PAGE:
Charles B. Nemeroff, M.D., Ph.D., is a psychiatrist at Emory University alleged by congressional investigators to have failed to report a third of the $2.8 million (or more) he received in consulting fees from pharmaceutical companies whose drugs he was studying.
Why would congressional investigators care? For one thing, during the period of time when Nemeroff received these consulting fees, he also received $3.9 million from NIH to study the efficacy of five GlaxoSmithKline drugs in the treatment of depression. When the government ponies up money for scientific research, it has an interest in ensuring that the research will produce reliable knowledge.
GlaxoSmithKline, of course, has an interest in funding studies that show that its drugs work really well.
The two entities giving Nemeroff money here have quite different interests. This means that Nemeroff himself has a potential conflict of interest that needs to be disclosed. If the potential for bias from this conflict is judged to be serious enough, the conflict of interest needs to be managed — either by removing the funding from the drug company, or by removing Nemeroff as PI on the NIH funded drug studies.
Now maybe Nemeroff was confident in his ability to maintain his objectivity regardless of who was paying him. His own confidence in this situation doesn’t much matter. As the Los Angeles Times article on the story notes,
At issue is the safety and efficacy of the stream of new drugs undergoing clinical trials. Several studies have shown that researchers who receive money from drug companies are more likely to report positive results from such trials.
It’s not enough to avoid conscious bias in favor of the drugs made by the company that pays you big consulting fees. Unconscious bias can skew your results, too. And this is why it’s not up to Nemeroff to decide whether consulting fees will undercut his objectivity. You have to disclose potential conflicts of interest because you are not conscious of your own unconscious biases.
However, Nemeroff must have been conscious of the rules about COI disclosure — and also of the fact that his consulting fees from pharmaceutical companies, in particular, we a concern — because he signed a paper at Emory that said so. Again from the a href=”http://www.latimes.com/news/nationworld/nation/la-sci-doctors4-2008oct04,0,5063741.story”>Los Angeles Times article:
Nemeroff continued to receive large amounts of money for delivering talks to other physicians even after he signed university documents pledging to accept no more than $10,000 a year from any one company, the inquiry found. …
In the letter from [Sen. Charles E.] Grassley [who initiated the congressional investigation] to Emory, he said that Nemeroff consistently misrepresented the amount of money he received from Glaxo. In 2003, for example, Nemeroff said he received no more than $15,000 from the company, though the company says it paid him $119,756. In 2002, he reported receiving $15,000, but the company says it paid him $232,248.
Some of those payments were made within days of his signing a letter to Emory stating that he would limit his fees from Glaxo to $10,000 a year.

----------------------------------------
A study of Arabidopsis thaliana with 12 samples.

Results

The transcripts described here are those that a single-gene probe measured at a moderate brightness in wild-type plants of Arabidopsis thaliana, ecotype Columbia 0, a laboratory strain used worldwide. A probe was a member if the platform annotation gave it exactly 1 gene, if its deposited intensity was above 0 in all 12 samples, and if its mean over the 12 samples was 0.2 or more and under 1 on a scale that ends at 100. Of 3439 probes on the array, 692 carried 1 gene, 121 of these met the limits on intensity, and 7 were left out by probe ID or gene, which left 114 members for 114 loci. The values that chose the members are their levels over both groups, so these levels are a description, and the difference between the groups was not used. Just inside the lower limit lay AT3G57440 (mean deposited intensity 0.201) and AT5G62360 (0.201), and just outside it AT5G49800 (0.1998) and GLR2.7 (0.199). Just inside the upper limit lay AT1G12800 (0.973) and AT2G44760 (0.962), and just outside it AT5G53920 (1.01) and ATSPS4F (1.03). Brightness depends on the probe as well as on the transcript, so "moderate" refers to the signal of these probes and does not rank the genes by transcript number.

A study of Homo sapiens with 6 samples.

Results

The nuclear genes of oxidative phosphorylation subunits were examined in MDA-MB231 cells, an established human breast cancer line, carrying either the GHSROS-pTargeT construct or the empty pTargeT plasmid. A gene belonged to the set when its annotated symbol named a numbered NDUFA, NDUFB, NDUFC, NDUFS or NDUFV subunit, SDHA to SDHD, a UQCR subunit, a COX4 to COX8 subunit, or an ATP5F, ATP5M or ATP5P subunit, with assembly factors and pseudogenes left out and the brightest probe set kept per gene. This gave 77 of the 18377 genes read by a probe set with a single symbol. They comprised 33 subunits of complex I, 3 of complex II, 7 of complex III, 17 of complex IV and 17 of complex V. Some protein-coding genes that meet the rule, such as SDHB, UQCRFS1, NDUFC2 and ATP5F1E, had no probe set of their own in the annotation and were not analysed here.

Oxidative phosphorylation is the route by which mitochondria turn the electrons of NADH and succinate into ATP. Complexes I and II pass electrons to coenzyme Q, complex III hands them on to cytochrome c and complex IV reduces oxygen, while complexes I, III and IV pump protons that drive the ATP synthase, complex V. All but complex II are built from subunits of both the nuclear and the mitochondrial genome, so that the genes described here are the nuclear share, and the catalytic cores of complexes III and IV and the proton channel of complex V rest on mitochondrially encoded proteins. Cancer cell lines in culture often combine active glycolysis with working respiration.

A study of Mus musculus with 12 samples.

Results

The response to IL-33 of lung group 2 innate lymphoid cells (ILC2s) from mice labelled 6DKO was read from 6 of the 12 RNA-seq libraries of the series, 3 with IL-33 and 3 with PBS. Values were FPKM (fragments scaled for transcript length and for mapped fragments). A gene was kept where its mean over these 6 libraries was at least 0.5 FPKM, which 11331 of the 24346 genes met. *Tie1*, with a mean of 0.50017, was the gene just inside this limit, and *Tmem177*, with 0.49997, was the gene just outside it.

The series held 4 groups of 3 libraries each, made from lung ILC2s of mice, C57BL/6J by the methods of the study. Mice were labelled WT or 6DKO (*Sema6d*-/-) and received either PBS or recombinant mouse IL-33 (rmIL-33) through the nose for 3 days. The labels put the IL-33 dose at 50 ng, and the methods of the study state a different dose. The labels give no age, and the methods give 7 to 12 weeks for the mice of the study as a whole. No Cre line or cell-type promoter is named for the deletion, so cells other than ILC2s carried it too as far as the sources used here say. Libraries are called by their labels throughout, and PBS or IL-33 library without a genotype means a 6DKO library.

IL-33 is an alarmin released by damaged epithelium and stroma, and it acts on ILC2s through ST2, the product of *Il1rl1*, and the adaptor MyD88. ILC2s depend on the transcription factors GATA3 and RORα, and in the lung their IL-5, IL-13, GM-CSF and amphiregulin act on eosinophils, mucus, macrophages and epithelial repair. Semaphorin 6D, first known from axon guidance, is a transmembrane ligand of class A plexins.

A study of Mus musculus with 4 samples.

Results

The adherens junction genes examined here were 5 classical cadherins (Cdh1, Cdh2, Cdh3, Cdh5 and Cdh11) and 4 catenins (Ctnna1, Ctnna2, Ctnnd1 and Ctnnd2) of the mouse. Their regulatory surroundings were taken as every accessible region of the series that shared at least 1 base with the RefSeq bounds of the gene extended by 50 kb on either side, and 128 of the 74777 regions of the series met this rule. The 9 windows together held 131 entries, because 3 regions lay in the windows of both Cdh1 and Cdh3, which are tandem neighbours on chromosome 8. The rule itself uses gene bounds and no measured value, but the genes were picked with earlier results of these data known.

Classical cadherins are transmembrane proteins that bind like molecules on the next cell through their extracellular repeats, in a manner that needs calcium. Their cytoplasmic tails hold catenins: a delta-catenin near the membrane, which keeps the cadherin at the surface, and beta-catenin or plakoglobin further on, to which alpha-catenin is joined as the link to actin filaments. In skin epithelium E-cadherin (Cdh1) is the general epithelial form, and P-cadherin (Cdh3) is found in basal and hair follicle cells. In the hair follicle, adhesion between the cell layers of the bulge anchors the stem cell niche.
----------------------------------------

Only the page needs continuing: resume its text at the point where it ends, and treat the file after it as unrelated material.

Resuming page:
Crossing the $10,000 threshold would have required Emory to inform the National Institute of Mental Health and take steps to manage the conflict of interest — including removing Nemeroff as principal investigator.
An aside: Psychiatrists need to be numerate, don’t they? You’d figure if they’re administering drugs they’d understand the problems of being off by an order of magnitude, right?
Even in the event that it somehow slipped Nemeroff’s mind that he’d signed that pledge, it cannot have escaped his attention that failure to disclose a potential conflict of interest could get him into trouble, since, as DrugMonkey details, Nemeroff has gotten into trouble for it at least twice before.
To be sure, money is useful (as it can be exchanged for goods and services), but so is one’s credibility as a scientist.
Scientists are trying to be objective, to arrive at results that reflect how things really are, rather than what they (or their funders) want to see. Scientists disclose their potential conflicts of interest so their scientific peers can help them with this, bringing a critical eye to results that may have been shaped by bias, whether conscious or unconscious.
In their efforts to be objective, scientists take seriously clues from others that they might be more biased (at least potentially) than they think they are. And, at least in theory, they strive for transparency about their potential sources of bias rather than secrecy.
What could be the motivation if you elect not to disclose a potential conflict of interest? Perhaps you worry that disclosing your connections to drug companies will hurt the credibility of your results in the estimation of other scientists. However, seeking to bury that potential conflict hurts your credibility even more. It amounts to saying, I don’t trust my scientific peers to make a fair evaluation of the facts and of my findings. I know better than they do that I’m unbiased and my findings are sound.
Unfortunately, you need help from others to avoid self-deception. Again, this is one of the reasons there are rules about disclosing and managing conflicts of interest.
Finally, you might be inclined to give Nemeroff a pass on the theory that maybe he’s the kind of guy who just doesn’t have a head for official university policy. If the internal emails posted at Pharmalot are authentic (and I have no basis for judging this one way or another), then Nemeroff seems quite fond of the details of university policy — at least when it comes to members of the Emory Department of Psychiatry communicating with the press through the media relations office rather than answering reporters’ queries directly.